Appalachian Genshin

19 hours ago
Appalachian gentian
Bernd Haynold [CC BY-SA 2.5] via Wikimedia Commons

Gentiana austromontana, the Appalachian gentian, is a 1–2 ft (30–61 cm) tall flowering plant in the Gentianaceae family. It is native to the southern Appalachians of West Virginia, Virginia, North Carolina and Tennessee.

Two Loons
USFWS/Gary J. Wege

Loons (North America) or divers (United Kingdom / Ireland) are a group of aquatic birds found in many parts of North America and northern Eurasia. They can be found in South Carolina only during winter migration.

Bryozoan Colonies

Jan 12, 2021
A freshwater bryozoan colony
Florida Fish and Wildlife Conservation Commission

Bryozoa (also known as the Polyzoa, Ectoprocta or commonly as moss animals) are a phylum of aquatic invertebrate animals, nearly all forming sedentary colonies. Typically about 0.5 millimetres (1⁄64 inch) long, they are filter feeders that sieve food particles out of the water using a retractable lophophore, a "crown" of tentacles lined with cilia.

Golden Silk Spider Web

Jan 11, 2021
Trichonephila clavipe, or golden silk spider
Joselito de Guzman [CC BY-SA 3.0 ] via Wikimedia Commons

Trichonephila clavipes (formerly known as Nephila clavipes), commonly known as the golden silk orb-weaver, golden silk spider, or banana spider, is an orb-weaving spider species which inhabits forests and wooded areas ranging from the southern US to Argentina.

Theme Music

Jan 8, 2021
NatureNotes logo
SC Public Radio

Rudy identifies NatureNotes theme music,
Tarrega's Estudio Brilliante, after an adaptation by Chet Atkins.

Carpenter Ants

Jan 7, 2021
Carpenter ants
Ryan Hodnett [CC BY-SA 4.0] via Wikimedia Commons

Carpenter ants (Camponotus spp.) are large (0.3 to 1.0 in or 0.76 to 2.54 cm) ants indigenous to many forested parts of the world.

They build nests inside wood consisting of galleries chewed out with their mandibles, preferably in dead, damp wood. However, unlike termites, they do not consume wood, discarding a material that resembles sawdust.

Yellow-bellied sapsucker
dfaulder, via Wikimedia Commons

The yellow-bellied sapsucker (Sphyrapicus varius) is a medium-sized woodpecker that breeds in Canada and the northeastern United States.

The yellow-bellied sapsucker was described and illustrated using a hand-coloured plate by the English naturalist Mark Catesby in his The Natural History of Carolina, Florida and the Bahama Islands which was published between 1729 and 1732.

Mole Cricket

Jan 5, 2021
A northern mole cricket
Zack [CC BY-NC-SA 2.0] via Flickr

Mole crickets are members of the insect family Gryllotalpidae, in the order Orthoptera (grasshoppers, locusts, and crickets). Mole crickets are cylindrical-bodied insects about 3–5 cm (1.2–2.0 in) long as adults, with small eyes and shovel-like fore limbs highly developed for burrowing.

Wooly Bear Caterpillar

Jan 4, 2021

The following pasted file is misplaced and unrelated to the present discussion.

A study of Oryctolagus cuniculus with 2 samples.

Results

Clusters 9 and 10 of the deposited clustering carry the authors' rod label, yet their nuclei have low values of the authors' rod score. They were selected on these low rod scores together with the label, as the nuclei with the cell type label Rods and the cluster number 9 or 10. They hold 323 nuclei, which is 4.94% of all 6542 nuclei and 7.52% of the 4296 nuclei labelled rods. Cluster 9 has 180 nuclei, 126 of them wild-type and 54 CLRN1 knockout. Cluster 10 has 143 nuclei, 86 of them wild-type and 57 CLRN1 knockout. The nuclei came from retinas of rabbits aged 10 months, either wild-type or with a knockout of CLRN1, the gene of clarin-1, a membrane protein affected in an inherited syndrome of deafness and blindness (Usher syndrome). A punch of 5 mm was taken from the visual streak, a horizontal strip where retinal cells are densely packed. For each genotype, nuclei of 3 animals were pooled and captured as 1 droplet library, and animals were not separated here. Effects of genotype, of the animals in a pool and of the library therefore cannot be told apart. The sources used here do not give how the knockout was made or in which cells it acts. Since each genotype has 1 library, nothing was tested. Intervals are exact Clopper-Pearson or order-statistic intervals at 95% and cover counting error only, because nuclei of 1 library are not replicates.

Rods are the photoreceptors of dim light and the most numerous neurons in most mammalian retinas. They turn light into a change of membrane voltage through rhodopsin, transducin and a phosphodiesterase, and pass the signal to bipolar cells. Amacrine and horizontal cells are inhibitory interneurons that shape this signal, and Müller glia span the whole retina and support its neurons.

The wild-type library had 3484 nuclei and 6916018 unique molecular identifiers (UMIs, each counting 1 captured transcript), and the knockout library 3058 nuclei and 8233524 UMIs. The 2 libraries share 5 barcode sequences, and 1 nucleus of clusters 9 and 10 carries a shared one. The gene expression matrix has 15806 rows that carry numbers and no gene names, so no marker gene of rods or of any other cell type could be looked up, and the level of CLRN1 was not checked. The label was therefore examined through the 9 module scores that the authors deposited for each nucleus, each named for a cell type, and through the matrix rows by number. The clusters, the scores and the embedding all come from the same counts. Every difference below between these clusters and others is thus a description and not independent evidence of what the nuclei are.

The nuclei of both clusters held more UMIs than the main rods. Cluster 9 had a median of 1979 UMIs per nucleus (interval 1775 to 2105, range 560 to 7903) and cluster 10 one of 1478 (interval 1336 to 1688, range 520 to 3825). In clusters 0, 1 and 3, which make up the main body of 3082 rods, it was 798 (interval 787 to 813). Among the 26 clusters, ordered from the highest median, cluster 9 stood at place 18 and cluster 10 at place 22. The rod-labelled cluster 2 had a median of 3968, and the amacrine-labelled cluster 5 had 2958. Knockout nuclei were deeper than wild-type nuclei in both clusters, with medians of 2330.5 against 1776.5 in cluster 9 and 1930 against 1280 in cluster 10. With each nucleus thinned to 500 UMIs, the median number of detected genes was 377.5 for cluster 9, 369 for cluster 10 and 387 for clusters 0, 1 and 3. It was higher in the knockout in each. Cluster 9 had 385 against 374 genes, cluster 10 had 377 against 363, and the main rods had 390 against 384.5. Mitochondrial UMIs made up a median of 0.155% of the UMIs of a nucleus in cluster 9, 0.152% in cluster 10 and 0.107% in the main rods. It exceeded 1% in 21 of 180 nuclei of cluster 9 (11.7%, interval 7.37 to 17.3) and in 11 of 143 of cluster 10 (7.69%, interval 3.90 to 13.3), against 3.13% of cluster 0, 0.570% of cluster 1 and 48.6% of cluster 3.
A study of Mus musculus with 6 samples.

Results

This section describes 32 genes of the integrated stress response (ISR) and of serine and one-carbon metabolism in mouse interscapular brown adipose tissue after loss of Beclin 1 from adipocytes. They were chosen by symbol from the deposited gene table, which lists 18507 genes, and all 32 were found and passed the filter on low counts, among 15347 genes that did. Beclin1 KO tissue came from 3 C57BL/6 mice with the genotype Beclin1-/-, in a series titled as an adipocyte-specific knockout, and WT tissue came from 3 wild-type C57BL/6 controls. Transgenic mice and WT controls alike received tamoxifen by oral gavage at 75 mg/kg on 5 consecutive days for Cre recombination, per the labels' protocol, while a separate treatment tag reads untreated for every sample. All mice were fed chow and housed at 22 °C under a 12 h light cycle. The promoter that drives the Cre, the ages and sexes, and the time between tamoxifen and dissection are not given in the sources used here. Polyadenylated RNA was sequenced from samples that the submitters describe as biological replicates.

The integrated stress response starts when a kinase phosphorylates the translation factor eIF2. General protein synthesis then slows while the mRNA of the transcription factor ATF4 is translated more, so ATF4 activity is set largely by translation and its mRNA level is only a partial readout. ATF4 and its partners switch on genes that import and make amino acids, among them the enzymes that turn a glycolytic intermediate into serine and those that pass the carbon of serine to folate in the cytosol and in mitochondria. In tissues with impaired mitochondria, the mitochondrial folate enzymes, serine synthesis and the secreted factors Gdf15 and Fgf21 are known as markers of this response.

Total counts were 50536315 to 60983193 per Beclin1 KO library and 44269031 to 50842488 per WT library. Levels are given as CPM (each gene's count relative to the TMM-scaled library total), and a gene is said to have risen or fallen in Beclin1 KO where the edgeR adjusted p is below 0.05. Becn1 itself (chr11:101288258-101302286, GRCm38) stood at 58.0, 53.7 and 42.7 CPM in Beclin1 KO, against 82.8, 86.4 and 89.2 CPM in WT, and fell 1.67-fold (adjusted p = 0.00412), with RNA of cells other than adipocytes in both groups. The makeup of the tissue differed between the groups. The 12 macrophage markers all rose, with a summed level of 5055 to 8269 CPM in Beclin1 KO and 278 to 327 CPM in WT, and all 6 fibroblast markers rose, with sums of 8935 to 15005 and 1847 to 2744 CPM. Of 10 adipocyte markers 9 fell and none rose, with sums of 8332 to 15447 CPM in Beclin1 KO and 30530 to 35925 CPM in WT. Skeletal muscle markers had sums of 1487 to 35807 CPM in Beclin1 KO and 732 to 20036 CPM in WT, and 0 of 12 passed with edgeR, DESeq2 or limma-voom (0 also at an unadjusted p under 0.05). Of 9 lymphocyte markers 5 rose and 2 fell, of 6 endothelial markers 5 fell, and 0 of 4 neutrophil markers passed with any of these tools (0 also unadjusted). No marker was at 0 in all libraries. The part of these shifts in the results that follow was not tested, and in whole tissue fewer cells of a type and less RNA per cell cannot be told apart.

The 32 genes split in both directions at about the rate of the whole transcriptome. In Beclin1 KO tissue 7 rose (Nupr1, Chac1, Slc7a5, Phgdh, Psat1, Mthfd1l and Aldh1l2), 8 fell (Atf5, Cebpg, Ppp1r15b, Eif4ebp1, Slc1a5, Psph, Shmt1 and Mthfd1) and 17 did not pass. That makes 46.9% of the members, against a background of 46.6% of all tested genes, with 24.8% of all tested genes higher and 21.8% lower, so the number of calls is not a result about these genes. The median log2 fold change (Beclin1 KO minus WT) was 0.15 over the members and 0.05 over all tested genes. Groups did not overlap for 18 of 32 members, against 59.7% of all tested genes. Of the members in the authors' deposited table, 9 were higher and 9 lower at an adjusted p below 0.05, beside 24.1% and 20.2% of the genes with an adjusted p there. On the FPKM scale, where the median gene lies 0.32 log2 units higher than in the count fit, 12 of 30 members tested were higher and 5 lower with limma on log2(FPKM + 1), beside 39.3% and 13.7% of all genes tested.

Woolly bear caterpillar, Pyrrharctia isabella
Juanita Demchak [CC BY-NC-ND 2.0] via Flickr

Pyrrharctia isabella, the isabella tiger moth, banded woolly bear or just woollybear or woolly worm, occurs in the United States and southern Canada. It was first formally named by James Edward Smith in 1797.

The thirteen-segment larvae are usually covered with brown hair in their mid-regions and black hair in their anterior and posterior areas. In direct sunlight, the brown hair looks bright reddish brown.

Happy New Year!

Jan 4, 2021

Rudy shares some words for the new year from Henri-Frédéric Amiel.

The Birds on the Porch

Dec 30, 2020

A listener finds the bodies of a pigeon and a sharp-shinned hawk on his porch...

Marbled Salamandar

Dec 29, 2020
A marbled salamander
cotinis [CC BY-NC-SA 2.0] via Flickr

The marbled salamander is a stocky, boldly banded salamander. The bands of females tend to be gray, while those of males are more white. Adults can grow to about 11 cm (4 in), small compared to other members of its genus. Like most of the mole salamanders, it is secretive, spending most of its life under logs or in burrows.

Southern House Spider

Dec 28, 2020
The southern house spider
Edward L. Manigault [CC BY 3.0 US], Clemson University Donated Collection,

The southern house spider is a species of large spider in the family Filistatidae. Currently given the scientific name Kukulcania hibernalis, it was formerly known as Filistata hibernalis. Found in the Americas, it exhibits strong sexual dimorphism. It is occurs in the southern states of the USA, throughout Central America and some of the Caribbean, to southern Brazil and Uruguay. The males may be mistaken for brown recluses because the two have similar coloration and body structure.

Anisomorpha buprestoides (southern two-striped walkingstick)
Bugenstein at English Wikipedia [CC BY-SA 3.0] via Wikimedia Commons

Anisomorpha buprestoides (southern two-striped walkingstick, devil rider, or musk mare) is a stick insect (Order Phasmatodea: otherwise known as "phasmids" or walkingsticks) which occurs throughout the southeastern United States.

Anisomorpha buprestoides is a large, stout (for a stick insect) brown phasmid with three conspicuous longitudinal black stripes. Females average 67.7 mm in length; males are smaller and more slender, averaging 41.7 mm.

Making It Grow Minute
SC Public Radio

The Audubon Society’s Francis Beidler Forest is the world’s largest untouched cypress-tupelo swamp, the perfect habitat for Prothonotary warblers, sometimes called swamp warblers. Specific birds have been tracked returning to the exact same hollowed out tre, year after year to build their nests. When a foot or two foot above water, these nests are less likely to be raided by racoons.